My works may be grouped in three topics (see below). My past research was on population dynamics of small mammals and of birds, chaos in (meta)population models, and the evolution of dispersal (see below).

Phylogenetic Diversification

This has been my main research topic for twelve years. The main idea driving my research in this area is that phylogenetic trees give information about past events of speciation and extinction—the drivers of the diversity of Life. This approach is attractive because the fossil record, long considered as the best record of past diversification events, has many pitfalls, especially for terrestrial organisms. However, phylogenies of recent species must be analysed with care to infer speciation and extinction rates. I have developed several methods in order to combine phylogenetic and taxonomic data [27], to test the effects of species traits on speciation rate [32], or to fit a given theoretical distribution to the distribution of branching times [12].

(A) A tree simulated with speciation probability equal to 0.005 and extinction probability equal to 0.001. (B) The same clade after removing the extinct lineages (from [29]).

I have also devoted some effort to assess the statistical performance of these methods and others [29, 36]. Recently, I have developed equations for the general time-dependent birth–death model; from these I have derived algorithms to simulate phylogenetic trees under any model of diversification, and have developed a method for fitting these models to phylogenetic data. These new results allow to quantify the limits of inference on diversification with phylogenies.

Phylogenetic Analysis of Comparative Data

My contribution to this field was to develop the use of generalised estimating equations (GEEs) for the analysis of comparative data in collaboration with Julien Claude. GEEs can be seen as a generalisation of generalised least squares (GLS, a statistical procedure for fitting regression models to correlated observations) to non-normal responses (in the same way that generalised linear models generalise ordinary least squares).

Procedure for analysing comparative data in a phylogenetic framework using generalised estimating equations (from [24]).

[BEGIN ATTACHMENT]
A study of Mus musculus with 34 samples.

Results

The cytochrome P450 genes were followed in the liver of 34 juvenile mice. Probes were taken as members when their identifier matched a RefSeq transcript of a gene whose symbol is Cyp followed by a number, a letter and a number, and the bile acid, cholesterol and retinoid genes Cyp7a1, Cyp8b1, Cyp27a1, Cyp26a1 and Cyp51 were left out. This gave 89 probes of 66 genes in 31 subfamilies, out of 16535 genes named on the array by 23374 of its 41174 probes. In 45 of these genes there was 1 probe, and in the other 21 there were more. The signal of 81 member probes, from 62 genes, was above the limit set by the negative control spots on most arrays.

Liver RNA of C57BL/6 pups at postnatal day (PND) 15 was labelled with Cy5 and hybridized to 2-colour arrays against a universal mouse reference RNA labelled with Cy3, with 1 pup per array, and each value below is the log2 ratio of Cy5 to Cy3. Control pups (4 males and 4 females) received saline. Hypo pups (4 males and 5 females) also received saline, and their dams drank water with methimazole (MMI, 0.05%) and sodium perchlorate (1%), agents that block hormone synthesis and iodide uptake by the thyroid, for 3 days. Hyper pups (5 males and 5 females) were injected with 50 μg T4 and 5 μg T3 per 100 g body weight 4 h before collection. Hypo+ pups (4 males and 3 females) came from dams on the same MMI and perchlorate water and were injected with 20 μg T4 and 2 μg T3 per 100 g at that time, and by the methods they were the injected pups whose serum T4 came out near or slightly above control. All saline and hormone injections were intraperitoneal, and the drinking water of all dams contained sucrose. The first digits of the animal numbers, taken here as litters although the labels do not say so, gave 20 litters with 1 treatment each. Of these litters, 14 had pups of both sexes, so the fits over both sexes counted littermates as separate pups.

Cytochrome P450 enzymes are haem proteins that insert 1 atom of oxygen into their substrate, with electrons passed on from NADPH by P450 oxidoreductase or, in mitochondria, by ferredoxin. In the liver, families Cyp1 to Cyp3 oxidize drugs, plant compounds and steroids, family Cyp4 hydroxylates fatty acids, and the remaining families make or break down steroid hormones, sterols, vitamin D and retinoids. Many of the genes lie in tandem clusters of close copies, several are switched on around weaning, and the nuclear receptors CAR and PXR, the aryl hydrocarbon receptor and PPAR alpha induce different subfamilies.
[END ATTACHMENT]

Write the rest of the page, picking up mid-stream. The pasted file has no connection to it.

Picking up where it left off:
Julien Claude also worked during his Ph.D. on the geometric assessment of morphological evolution in turtles [25, 31].

We applied the GEE-based comparative method to the issue of life history evolution in cichlid fishes in African great lakes [37]. This work showed evidence for parallel evolution towards decreased fecundity in the three lakes, Tanganyika, Malawi, and Victoria. The phylogenetic reconstruction further evidenced that this evolution occurred independently in pelagic and rocky habitats within a lake. Strikingly, other groups of pelagic fishes (including in the same lakes) display high fecundity with numerous small eggs. The fact that cichlids in the same habitat evolved in a different direction indicates the importance of lineage-effect and that natural selection does not act in a simple way.

Coalescence and Past Population Dynamics

Kingman's coalescent is a mathematical model of genealogical relationships in large populations. There are similarities between these genealogies and the phylogenies used to depict the relationships among species, and both can be studied with tree-like structures. Furthermore, DNA sequences are the main data used to infer them [21]. I started to work on the coalescent during a collaboration with Johan Michaux. Palearctic mammals have undergone drastic changes in distribution during ice ages. Johan has conducted a large scale investigation to track these changes with genetic data. I contributed some coalescent analyses on three species: Apodemus sylvaticus [26], A. flavicollis [30]), and Clethrionomys glareolus [34]. My current interest in this topic is in modelling complex population growth with DNA sequences.

Past Projects

Large-scale Population Dynamics of British Birds

This was my post-doc project, a collaboration between the University of East Anglia (Norwich) and the British Trust of Ornithology (BTO). The main contribution from this project was a large scale study on the patterns of dispersal in British birds using the ringing database of the BTO [10]. I also developed a method for fitting continuous dispersal models to distribution of dispersal distances ([22]; ask me for the R code), as well as large scale analyses of population synchrony [15, 20], breeding success [18], and density dependence [23].

Chaos in Metapopulation Dynamics

The issue of chaotic dynamics in natural populations attracted my attention in the context of spatial structure. I found out that most predictions of chaos are very sensitive to some assumptions of the models used for simulations [7, 8].

Population Dynamics of the Mediterranean Pine Vole

This was my Ph.D. work focused on the Mediterranean Pine Vole (Microtus duodecimcostatus). The interest of this species is its relatively stable population dynamics compared to others voles which have "cyclic" dynamics [1–6, 13].